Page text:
Baka בַּקְעָה , its official Hebrew name is Geulim, is a neighborhood in southern Jerusalem, The neighborhood is surrounded by Talpiot to the south, Mekor Chaim to the west, the Greek Colony and German Colony to the northwest, and Abu Tor to the east. Baka (lit. “valley”) was built outside the Old City of Jerusalem at the end of the 19th century. The neighborhood had an agricultural character until the 1950’s, when its population changed. It became a convenient location because of the Jerusalem Railway Station that opened at its edge in the late 19th century. The station linked Jerusalem to the rest of the county until service ended in 1998. It grew quickly and became a neighborhood of multiple religions. Many of the agricultural areas were converted to residential properties. In the 1950’s the construction of large concrete block buildings called “shikunim” שיכונים began, on the agricultural lands, to accommodate new immigrants. In the ’80s began the building of new architectural projects that were designed around a inner courtyards (such as projects on Dan St or Azai St). At this time, the neighborhood was being populated by various economic classes, secular and different religious denominations. In the 90’s the Jerusalem Municipality started its urban renewal projects (tama 38 a&b/pinui-binui) improving the “Shikunim”. Many of them have already been renovated and expanded. During the first decade of the 21st century, neighborhood housing prices rose, and a wealthier population grew, predominantly immigrant families and older immigrants mostly from the United States and France. Original houses started being restored. New houses and high-end complexes started being built, designed to blend and enhance the original architectural building style and unique charm. Preservation is important in Jerusalem and as such, older trees in the neighborhood are being preserved and more greenery is being added to enhance the life style of the Baka residence. The neighborhood is characterized by a combination of old Arab style houses and the new construction. The streets in Baka have biblical names, such as the Twelve Tribes, and some from other biblical books including Megilat Esther.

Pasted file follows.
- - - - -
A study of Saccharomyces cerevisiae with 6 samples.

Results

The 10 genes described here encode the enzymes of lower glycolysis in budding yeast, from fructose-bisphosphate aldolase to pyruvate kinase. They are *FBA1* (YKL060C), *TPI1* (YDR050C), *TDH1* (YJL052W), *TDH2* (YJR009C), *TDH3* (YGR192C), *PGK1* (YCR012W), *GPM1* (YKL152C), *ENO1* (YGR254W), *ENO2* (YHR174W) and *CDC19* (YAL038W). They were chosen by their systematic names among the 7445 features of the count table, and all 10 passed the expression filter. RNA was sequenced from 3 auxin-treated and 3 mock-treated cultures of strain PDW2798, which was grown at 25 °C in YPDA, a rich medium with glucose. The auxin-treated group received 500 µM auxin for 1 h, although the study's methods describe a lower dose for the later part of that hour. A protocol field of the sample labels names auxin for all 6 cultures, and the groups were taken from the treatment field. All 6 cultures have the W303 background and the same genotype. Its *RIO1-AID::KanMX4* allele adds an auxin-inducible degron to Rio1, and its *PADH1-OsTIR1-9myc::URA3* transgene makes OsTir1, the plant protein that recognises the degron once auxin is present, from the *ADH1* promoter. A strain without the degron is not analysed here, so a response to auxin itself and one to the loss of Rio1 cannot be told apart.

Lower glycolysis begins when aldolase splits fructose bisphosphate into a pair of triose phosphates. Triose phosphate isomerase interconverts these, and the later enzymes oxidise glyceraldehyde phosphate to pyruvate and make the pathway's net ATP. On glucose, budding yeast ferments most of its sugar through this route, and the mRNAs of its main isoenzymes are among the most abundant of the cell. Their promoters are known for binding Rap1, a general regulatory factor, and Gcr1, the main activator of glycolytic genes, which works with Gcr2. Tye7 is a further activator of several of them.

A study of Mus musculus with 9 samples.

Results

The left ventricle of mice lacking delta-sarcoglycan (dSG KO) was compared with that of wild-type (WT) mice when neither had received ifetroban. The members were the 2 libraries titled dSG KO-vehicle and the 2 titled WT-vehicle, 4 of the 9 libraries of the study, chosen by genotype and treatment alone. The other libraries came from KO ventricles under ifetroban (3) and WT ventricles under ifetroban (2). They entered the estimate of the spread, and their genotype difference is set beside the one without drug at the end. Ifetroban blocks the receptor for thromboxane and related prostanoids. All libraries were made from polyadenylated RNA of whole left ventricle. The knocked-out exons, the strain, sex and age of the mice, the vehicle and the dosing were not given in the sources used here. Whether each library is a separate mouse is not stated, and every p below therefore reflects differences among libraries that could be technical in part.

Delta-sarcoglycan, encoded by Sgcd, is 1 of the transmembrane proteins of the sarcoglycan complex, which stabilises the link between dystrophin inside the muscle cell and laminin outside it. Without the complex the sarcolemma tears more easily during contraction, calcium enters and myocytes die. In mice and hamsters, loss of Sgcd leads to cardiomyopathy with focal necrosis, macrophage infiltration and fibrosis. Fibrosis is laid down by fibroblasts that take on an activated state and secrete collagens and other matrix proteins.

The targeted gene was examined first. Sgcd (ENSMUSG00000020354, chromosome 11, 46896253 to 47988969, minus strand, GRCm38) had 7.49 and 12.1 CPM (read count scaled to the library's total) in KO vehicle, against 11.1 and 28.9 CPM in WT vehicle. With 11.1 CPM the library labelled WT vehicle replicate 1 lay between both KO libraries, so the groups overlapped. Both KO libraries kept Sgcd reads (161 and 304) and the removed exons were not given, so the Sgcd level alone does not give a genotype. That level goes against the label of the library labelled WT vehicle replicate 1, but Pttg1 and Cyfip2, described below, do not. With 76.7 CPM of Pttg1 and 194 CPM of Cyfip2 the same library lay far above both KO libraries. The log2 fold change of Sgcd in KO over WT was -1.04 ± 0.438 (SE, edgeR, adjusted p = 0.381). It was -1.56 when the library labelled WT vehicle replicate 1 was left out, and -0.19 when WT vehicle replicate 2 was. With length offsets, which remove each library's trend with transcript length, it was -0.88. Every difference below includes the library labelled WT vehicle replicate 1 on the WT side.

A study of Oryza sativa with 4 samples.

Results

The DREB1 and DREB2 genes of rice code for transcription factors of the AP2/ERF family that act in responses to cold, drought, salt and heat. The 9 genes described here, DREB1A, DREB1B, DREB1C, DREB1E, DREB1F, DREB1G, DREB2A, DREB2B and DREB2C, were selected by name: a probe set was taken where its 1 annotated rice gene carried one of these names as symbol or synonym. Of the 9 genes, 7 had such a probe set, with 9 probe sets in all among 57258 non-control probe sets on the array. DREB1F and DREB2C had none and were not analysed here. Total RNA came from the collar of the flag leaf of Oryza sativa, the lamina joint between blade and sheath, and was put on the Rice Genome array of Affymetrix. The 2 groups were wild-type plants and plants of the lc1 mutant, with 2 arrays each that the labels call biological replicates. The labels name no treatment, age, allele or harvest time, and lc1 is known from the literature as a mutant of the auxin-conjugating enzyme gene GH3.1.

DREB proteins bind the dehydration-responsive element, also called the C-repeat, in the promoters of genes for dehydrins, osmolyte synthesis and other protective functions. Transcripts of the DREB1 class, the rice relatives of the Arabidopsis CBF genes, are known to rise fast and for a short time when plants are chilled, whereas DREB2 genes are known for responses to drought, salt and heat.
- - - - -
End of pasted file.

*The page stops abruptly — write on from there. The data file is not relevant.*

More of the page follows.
There are four main schools in Baka: Oranim, Efrata, Geulim A, and Pelech. Ulpan Etzion, Israel’s first Hebrew-language school, was established in Baka in 1949. The ulpan, directed by Mordechai Kamerat, was used as a model for Hebrew language education across the country. In 2008, the school vacated its college-style dormitories, communal rooms and gardens after the lease expired. In its place, a new residential community is being built, consisting of several apartment buildings surrounded by greenery. The original house is being preserved, and green belts are being added throughout the area. This complex, as well as others in Baka, conveniently provide many more lovely living spaces with parking and other amenities, for couples and families. The community center (matnas) is very active and provides a variety of services for the community, including a library, workshops for different ages, and after school activities for children. This promotes a sense of community and home for the residence of Baka, in this growing middle to upscale population.
Although Baka is a quaint and mostly residential neighborhood in Jerusalem, there are many attractions and activities to do in the area. Derech Beit Lechem Street, the main thoroughfare of Baka, exists as an equivalent to the German Colony’s Emek Refaim – smaller, yet vibrant avenue of restaurants, cafes and boutiques. All thou lively, the area retains a sense of tranquility. To the west of Baka, you can stroll or bike ride on the “Messila Park” from Baka all the way to Malcha, through green and picturesque surroundings. the park continues through Ein Kerem all the to the Jerusalem Forest and the surrounding mountains. Throughout the park, one can find a lending library and several reading corners, benches and grassy areas in which to relax. Gymnastic exercise stations and kids’ playgrounds, are found all along the path. At the very beginning of the “Messila Park” is the “First Station” with various activities, restaurants and shops. In the summer, the area comes to life with the many events that take place for families during the day as well as at night. Baka is also close to downtown Jerusalem, the Old City, Malcha Mall, and near by public transportation.
This blend of a convenient location, quiet residential area, greenery, and recreational points attracts many to live in this lovely neighborhood, and is in fact one of the most desirable neighborhoods in Jerusalem.